Intensified US chip sanctions targeting Chinese tech firms risk disrupting supply chain, will backfire: experts
Published: Feb 22, 2024 09:52 PM
chip Photo:VCG

chip Photo:VCG

US chip giant Nvidia reiterated on Wednesday its commitment to staying in the Chinese market during the release of its fiscal fourth-quarter earnings, showing the firm's strong determination to maintain a presence in the thriving Chinese market, despite the ongoing threat of US sanctions aimed at technology decoupling from China.

The intensified hegemony of the US by waving the stick of economic sanctions against Chinese technology companies has not produced any substantial outcomes but has instead disrupted global industry and supply chains, which will backfire on US companies, Chinese experts said.

Nvidia announced on Wednesday (US time) that its quarterly revenue rose 265 percent year-on-year to reach $22.1 billion. However, it is facing challenges in the Chinese market due to US export restrictions, resulting in a notable decline in data center sales in China.

Nvidia said it is committed to staying in the Chinese market. 
"We reset our product offerings to China, and now we're sampling customers in China. We are going to do our best to compete in that marketplace and succeed in that marketplace," Nvidia CEO Jensen Huang stated during an earnings call, highlighting the company's strategy to adapt to Washington's new regulatory environment.

However, the situation has not improved for US companies like Nvidia. Amid the news of Nvidia's results, the Biden administration is reportedly turning up the heat on China's top chipmaker Semiconductor Manufacturing International Corp (SMIC), which is already under sanctions, by cutting off its most advanced factory from more US imports, Reuters reported on Thursday, citing people close to the matter.

Late last year, the US Commerce Department sent dozens of letters to US companies that supply SMIC, suspending permission to sell to its most advanced plant, Reuters reported.

In responding these intensified US moves, a spokesperson for the Chinese Embassy in the US said that "This is out-and-out economic bullying and will inevitably backfire…We urge the US side to stop overstretching the concept of national security and abusing state power to suppress Chinese companies," according to Reuters.

The US pressure on China's semiconductor industry, including essentially exhausting the means available to restrict SMIC, shows that the US has done almost everything that it can think of or is capable of doing, Ma Jihua, a veteran industry analyst, told the Global Times on Thursday.

From this perspective, whether the US just sends smoke signals or actually escalates measures against SMIC, it indicates that the US is somewhat powerless on sanctioning Chinese companies now, Ma said.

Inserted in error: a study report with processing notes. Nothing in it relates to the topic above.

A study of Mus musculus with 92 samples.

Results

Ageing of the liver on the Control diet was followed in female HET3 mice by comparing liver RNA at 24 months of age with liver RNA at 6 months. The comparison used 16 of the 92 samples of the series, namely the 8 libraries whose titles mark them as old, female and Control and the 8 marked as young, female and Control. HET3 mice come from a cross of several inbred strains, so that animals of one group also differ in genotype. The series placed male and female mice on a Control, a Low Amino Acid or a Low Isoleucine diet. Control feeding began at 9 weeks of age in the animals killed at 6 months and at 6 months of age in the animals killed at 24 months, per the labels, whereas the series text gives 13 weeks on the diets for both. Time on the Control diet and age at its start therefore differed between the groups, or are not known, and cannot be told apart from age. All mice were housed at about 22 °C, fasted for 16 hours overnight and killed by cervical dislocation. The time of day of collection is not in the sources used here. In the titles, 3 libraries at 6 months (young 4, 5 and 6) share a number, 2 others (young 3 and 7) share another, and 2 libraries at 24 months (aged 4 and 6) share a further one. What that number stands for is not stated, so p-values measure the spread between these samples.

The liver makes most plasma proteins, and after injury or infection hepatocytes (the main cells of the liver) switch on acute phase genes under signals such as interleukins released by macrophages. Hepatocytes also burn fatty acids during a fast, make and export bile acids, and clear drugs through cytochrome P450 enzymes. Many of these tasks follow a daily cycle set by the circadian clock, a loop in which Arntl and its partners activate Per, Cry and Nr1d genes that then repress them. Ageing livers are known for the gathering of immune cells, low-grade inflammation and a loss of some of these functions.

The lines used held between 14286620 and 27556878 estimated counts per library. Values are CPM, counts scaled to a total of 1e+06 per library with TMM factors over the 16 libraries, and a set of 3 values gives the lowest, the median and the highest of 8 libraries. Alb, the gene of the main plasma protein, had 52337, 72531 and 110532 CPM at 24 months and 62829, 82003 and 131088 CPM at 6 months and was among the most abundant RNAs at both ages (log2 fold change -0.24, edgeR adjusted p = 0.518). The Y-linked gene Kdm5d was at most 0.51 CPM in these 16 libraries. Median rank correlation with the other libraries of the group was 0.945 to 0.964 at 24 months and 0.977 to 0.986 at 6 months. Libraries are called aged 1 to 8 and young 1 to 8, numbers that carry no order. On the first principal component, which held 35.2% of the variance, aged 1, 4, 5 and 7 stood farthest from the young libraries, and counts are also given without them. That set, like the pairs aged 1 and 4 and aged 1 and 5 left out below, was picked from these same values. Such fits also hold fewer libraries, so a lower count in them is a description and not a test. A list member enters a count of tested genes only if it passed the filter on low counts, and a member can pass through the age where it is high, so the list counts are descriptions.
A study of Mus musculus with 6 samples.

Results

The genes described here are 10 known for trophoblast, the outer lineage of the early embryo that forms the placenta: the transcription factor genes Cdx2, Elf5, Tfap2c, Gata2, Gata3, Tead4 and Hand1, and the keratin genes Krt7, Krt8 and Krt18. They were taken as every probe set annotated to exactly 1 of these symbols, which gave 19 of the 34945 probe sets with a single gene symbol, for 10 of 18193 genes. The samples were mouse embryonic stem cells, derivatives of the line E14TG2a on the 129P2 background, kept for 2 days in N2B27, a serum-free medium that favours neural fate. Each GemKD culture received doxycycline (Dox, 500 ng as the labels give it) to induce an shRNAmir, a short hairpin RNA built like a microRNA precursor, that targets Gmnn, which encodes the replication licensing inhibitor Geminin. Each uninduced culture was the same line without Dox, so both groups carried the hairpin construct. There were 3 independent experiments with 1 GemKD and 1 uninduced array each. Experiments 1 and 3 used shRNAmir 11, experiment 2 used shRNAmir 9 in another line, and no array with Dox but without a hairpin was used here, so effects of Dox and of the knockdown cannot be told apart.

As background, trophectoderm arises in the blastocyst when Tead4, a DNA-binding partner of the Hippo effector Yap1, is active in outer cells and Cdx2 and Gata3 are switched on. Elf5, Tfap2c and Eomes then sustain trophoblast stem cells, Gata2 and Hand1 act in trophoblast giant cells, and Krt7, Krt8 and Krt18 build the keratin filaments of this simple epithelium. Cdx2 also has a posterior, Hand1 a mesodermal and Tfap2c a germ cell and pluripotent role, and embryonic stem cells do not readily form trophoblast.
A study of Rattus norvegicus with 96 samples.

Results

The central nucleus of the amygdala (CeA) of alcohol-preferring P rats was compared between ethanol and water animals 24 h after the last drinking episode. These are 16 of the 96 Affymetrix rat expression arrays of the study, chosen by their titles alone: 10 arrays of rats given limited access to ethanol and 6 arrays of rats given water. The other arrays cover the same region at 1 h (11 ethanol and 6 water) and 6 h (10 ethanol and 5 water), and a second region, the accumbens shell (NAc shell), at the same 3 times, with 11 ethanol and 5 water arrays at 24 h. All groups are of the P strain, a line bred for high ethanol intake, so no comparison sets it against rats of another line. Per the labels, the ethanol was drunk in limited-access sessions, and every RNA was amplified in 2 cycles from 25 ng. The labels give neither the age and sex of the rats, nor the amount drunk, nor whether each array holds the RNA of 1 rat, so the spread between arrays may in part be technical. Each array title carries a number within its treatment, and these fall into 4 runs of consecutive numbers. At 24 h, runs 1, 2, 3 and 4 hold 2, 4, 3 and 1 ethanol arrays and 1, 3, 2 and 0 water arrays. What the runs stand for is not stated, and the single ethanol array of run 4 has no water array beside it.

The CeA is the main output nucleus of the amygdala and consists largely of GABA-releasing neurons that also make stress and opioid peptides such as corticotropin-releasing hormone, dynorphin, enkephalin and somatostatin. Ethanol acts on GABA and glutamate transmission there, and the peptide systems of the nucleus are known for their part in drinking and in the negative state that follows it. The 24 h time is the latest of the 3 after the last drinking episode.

Moreover, simply blockading China will ultimately backfire on US companies, experts said. 
"China is improving both its chip production capacity and technology, especially in the field of memory chips, while US companies are losing market share in China, which contradicts the goals of the Biden administration's crackdown on China in recent years," Ma said.

In a recent notable shift in China's technology sector, Huawei surpassed Apple to become the leading brand in China's tablet market in the fourth quarter of 2023. It was the first time since 2010 that Apple was displaced from the top position in China's tablet market. This shift came amid a downturn in the tablet market, with Huawei demonstrating remarkable resilience and growth despite challenges from the US, experts said.

Nvidia is another example of how US sanctions may backfire. Although the firm reported impressive fiscal fourth-quarter earnings on Wednesday, its stock prices fell during trading hours, closing down 2.85 percent at $674.72. Nvidia's shares rose in after-hours trading.

Despite exceeding expectations in terms of revenue and profit, Nvidia's shares seem to have priced in some of its prospects amid the Biden administration's reported intensified chip sanctions, which was a major reason for the lackluster performance after the financial report's release, Ma said.

"A bigger concern for the US company, however, would be the potential revenue decline in the Chinese market - the recent chip export ban imposed by the Biden administration may further dampen Nvidia's sales in the Chinese market," Ma said.

As the US continues to restrict exports of high-end artificial intelligence chips to China, China will seek alternative domestic chips, gradually reducing its reliance on US products, Liang Zhenpeng, an industry analyst, told the Global Times on Thursday.

Chinese mainland-based chip companies primarily focus on substituting for Nvidia chips in the medium- to low-end sectors, but that situation may change over time, Liang said.